This year’s British Grand Prix was never going to be a celebratory affair for McLaren. In their 52 years, the once mighty team have no experience of a slump of these proportions. At no point was Silverstone going to offer an unexpected return to form. But that it was here that they chose to instigate drastic measures to stop the rot proved the team could wait no longer.
Radical restructuring at the home grand prix is, as Ron Dennis would have it, highly suboptimal but the team are making tentative steps in the right direction in the view of John Barnard, the man who helped Dennis turn them round in the 1980s and earned the nickname Prince of Darkness for his troubles.
Before the race weekend began, McLaren announced their sporting director, Éric Boullier, had resigned and that they were restructuring. It had not been unexpected; they are going through their most unsuccessful period since Bruce McLaren took their first car to the track at Monaco in 1966. Eight constructors’ titles and 12 drivers’ followed, with 182 race wins. But they have not won since Brazil in 2012, have not had a podium since 2014 and have finished ninth, sixth and ninth in the constructors’ championship in the past three seasons.
There had been reports of dissatisfaction with management and change was inevitable. The team’s chief executive, Zak Brown, called it the start of a journey and has already warned it will be a long one.
There are parallels with another period in the team’s history. In 1980 they had also been in a slump. McLaren finished ninth in the constructors’ championship and had not won a race since James Hunt’s victory in Japan in 1977.
When Dennis took charge in September 1980 he brought with him the talented young designer Barnard. He is perhaps best known for his pioneering work, introducing the carbon-fibre composite chassis at McLaren and the electronic gearshift operated by paddles while at Ferrari. But his role at changing the way McLaren worked was every bit as revolutionary.
“It wasn’t a quick task when Ron and I came in,” he says. “It took several years to settle down. To get everybody pulling in the right direction. I was called the Prince of Darkness, that’s the nickname I got because I had to change the system. I was young enough to go head to head with anybody at that time.”
Barnard, now 72, has recalled his experiences with McLaren and Ferrari to great effect in his book The Perfect Car but, speaking in the buildup to the British Grand Prix, he emphasises it was at McLaren that the real systemic change was required.
“It didn’t go down well,” he says. “Because there was a way of doing things that meant the mechanics on the shop floor had effectively a great deal of technical power. The drawing office did the basics and then much of the detail was left to be done on the shop floor. I didn’t like that. I wanted control of everything on the car because without that I couldn’t steer it forward.”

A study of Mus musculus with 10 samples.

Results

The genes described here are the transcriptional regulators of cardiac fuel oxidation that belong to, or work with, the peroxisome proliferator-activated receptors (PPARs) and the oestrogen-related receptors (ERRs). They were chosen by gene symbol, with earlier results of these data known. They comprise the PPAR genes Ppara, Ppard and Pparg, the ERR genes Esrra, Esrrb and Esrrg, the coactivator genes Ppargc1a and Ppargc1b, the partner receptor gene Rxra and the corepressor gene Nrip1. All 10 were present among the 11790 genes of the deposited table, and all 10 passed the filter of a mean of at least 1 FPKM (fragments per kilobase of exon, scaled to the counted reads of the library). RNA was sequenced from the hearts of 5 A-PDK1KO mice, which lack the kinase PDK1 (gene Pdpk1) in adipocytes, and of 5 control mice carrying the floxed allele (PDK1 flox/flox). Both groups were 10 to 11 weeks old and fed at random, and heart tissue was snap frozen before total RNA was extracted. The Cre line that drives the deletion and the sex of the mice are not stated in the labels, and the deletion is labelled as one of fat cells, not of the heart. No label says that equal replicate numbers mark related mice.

The restructuring may have made Barnard unpopular but it worked. With the MP4/1 car, Dennis and Barnard won a race in their first season – John Watson taking the 1981 British Grand Prix at Silverstone. By 1984 they were utterly dominant, with drivers’ titles for Niki Lauda that year, when he and Alain Prost won 12 of the 16 races, and then for Prost in 1985 and 1986 .
One of the key factors in their resurgence, provided by Barnard, was technical leadership. He believes this is absolutely crucial to success and that it has been sorely lacking at McLaren in recent years.
“I don’t see anyone running it technically now and I haven’t seen that for a few years,” he says. “They have separate aerodynamic groups working on different parts of the car. If you don’t have a technical leader then what happens is all the different areas say: ‘It’s not my problem, it’s their problem.’ This is what happens with organisations as big as this. Somebody has to sew it all together, see where they are, and then you have to be honest with yourselves.”
The team had three people leading the design and development of the current car and Brown has conceded the result was “we don’t have a good race car” but insisted the problem has been compounded by a lack of consistent leadership since 2012.
“We have come to the conclusion that the way we have been doing it has not worked,” he said. “In companies you need clear leadership and decision-making. We effectively had co-CEOs of a race car and that is not a structure that works.” Brown has strongly intimated that one of the next steps they will take is to appoint a technical director.
This, Barnard believes, is required on what is going to be a long and difficult journey but, while this may well be a weekend the team will want to forget, it may also be the first step in a return to the top.
“I don’t think they can have the right structure until they have the right people,” he says. “They are beginning to understand that. Until they find the right people they are not going to go forward. Zak Brown has said it is not going to be a quick thing. It’s not, it’s like turning an oil tanker.”